You’ll have to excuse the linking of these two subjects into one post. Although very different entities, I’m not planning to cover either of these in too much detail and felt it was probably more time efficient to combine them into a single post and finishing off my look at storage devices by tidying up loose ends.
You might be forgiven in thinking that tape drives have little to no part to play in present day computer systems. For the average home computer user and small business, you would largely be correct in that thinking as, in many respects, tape drives are far less efficient in accessing data than practically any other form of data storage. Therefore they are of limited interest to most computer users.
However, that being said, tape drives very much have their place in today’s technology and are quite often used to store vast quantities of backup, archived data in large data centres. This data is almost always held offline, inaccessible to networks or the internet.
Tape drives can be internal or external and internal drives normally hold the common 5.25 inch form factor, just as their optical drive counterparts. Tape drives store data magnetically on a tape that’s enclosed inside a tape cartridge and any such data has to be read sequentially, making seek times for specific information particularly lengthy.
However, IBM have made relatively recent advances in this form of storage technology that allows for data to be read in a file system format similar to that with which we read data contained on optical disc or flash media. This form of system is known as the Linear Tape File System (LTFS) and it’s purpose is to specify how data is stored on tape and how specialised software can read that data. LTFS works with an open-standards magnetic tape data storage technology called Linear Tape Open (LTO) in order to achieve this.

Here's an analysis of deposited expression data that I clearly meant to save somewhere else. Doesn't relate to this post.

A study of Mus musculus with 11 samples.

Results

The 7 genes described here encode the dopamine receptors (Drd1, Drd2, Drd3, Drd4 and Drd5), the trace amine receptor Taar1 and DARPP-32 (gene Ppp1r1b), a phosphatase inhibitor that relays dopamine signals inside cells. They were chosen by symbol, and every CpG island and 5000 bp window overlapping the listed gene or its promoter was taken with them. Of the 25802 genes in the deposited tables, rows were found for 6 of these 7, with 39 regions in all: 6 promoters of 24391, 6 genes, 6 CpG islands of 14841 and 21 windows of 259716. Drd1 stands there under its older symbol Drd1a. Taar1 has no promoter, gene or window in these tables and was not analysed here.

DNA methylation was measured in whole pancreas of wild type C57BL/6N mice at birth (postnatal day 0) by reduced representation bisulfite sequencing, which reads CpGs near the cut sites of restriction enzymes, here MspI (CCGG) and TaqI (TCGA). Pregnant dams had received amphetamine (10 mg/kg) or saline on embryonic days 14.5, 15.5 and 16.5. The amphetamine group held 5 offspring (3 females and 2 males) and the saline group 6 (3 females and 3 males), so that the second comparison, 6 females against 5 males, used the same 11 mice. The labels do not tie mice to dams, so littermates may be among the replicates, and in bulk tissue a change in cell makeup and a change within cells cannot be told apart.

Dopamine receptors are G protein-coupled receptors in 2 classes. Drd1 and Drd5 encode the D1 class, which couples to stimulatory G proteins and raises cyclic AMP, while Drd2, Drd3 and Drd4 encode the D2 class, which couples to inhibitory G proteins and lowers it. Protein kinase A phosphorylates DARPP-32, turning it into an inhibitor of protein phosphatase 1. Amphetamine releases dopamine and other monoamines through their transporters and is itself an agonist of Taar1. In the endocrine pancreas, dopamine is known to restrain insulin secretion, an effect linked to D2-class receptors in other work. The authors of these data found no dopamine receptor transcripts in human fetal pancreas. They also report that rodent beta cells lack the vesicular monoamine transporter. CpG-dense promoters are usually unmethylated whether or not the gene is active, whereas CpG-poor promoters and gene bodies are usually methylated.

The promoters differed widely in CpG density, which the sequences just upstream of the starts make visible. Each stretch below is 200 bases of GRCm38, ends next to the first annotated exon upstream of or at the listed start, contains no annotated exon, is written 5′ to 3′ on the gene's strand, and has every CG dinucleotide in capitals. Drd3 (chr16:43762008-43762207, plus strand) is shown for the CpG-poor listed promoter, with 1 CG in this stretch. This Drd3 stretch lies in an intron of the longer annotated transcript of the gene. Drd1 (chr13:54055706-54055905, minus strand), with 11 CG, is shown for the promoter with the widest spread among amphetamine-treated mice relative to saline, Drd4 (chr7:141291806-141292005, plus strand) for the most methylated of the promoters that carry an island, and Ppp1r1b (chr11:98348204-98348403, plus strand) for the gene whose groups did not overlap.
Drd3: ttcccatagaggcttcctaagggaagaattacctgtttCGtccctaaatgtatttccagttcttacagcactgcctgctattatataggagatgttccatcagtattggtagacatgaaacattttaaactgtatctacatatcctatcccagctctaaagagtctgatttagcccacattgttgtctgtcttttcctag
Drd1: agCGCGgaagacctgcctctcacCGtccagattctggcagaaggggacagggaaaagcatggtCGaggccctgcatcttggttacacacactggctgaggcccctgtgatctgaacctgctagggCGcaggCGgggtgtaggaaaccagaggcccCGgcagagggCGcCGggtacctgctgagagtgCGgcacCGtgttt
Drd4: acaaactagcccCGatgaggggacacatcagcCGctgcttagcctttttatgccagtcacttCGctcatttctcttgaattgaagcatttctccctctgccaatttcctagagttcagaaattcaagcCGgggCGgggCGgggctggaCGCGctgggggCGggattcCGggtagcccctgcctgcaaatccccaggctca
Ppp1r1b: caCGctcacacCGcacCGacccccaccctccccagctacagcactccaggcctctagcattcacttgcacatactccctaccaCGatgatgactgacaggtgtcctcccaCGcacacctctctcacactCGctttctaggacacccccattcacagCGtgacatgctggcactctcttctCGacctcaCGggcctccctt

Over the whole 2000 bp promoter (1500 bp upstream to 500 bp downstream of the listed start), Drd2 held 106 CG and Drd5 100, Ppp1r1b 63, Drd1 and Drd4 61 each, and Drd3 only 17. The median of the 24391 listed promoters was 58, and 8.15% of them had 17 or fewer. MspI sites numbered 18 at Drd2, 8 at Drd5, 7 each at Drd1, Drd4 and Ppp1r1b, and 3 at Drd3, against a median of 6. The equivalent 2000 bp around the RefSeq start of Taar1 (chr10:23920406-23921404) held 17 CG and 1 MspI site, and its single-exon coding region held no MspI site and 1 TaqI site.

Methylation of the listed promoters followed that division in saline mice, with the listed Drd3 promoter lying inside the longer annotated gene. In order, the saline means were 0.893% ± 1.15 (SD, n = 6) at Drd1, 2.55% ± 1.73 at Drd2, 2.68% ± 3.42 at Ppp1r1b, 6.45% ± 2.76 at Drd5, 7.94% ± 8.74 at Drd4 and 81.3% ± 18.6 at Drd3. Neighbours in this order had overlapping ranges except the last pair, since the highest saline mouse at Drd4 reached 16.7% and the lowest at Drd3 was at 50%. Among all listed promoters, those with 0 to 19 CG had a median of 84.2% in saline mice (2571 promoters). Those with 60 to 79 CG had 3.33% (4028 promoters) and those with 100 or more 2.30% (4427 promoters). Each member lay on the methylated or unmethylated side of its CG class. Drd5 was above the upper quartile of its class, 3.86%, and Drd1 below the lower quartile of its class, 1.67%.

Although the data capacity of tape cartridges can vary, high end tapes are currently able to store up to 10 Tb of uncompressed data. This amount of available storage is why data centres still make use of tapes to backup the vast quantities of data that is generated.
|Examples of data storage tapes|
In a previous couple of posts on SSDs (part 1 here & part 2 here), we looked at the various types of solid state and flash memory. One device that stands slightly alone from other flash memory is the eMMC.
eMMC stands for embedded Multimedia Card and, as the name might suggest, it’s connected to system internally rather than externally.
As we know, pretty much all of todays mobile devices, including digital cameras, smart phones and tablets, store at least some of their data on internal flash memory. In the past, a dedicated controller that was driven by the device’s CPU managed the reading and writing of data to the memory. As technology evolved and the storage capacity of devices improved significantly, it became both impractical and inefficient for the CPU driven controller to manage these functions from outside the flash memory die.
As the capacity of these storage devices improved and the associated inefficiencies became more obvious, eMMC was developed to become a standardised method for placing the controller into the flash die and thereby improving performance, as well as reliability. Other benefits of this change was the introduction of high-priority interrupt and secure erase and trim
The eMMC combines the flash memory and the flash memory controller as an integrated device on the same silicon die and the solution consists of at least three components;
- A MMC (multimedia card) interface
- Flash memory
- A flash memory controller
The eMMC is not ordinarily user removable, instead acting as in integral part of the circuit board itself within the device, another significant difference to most MMC that we are familiar with.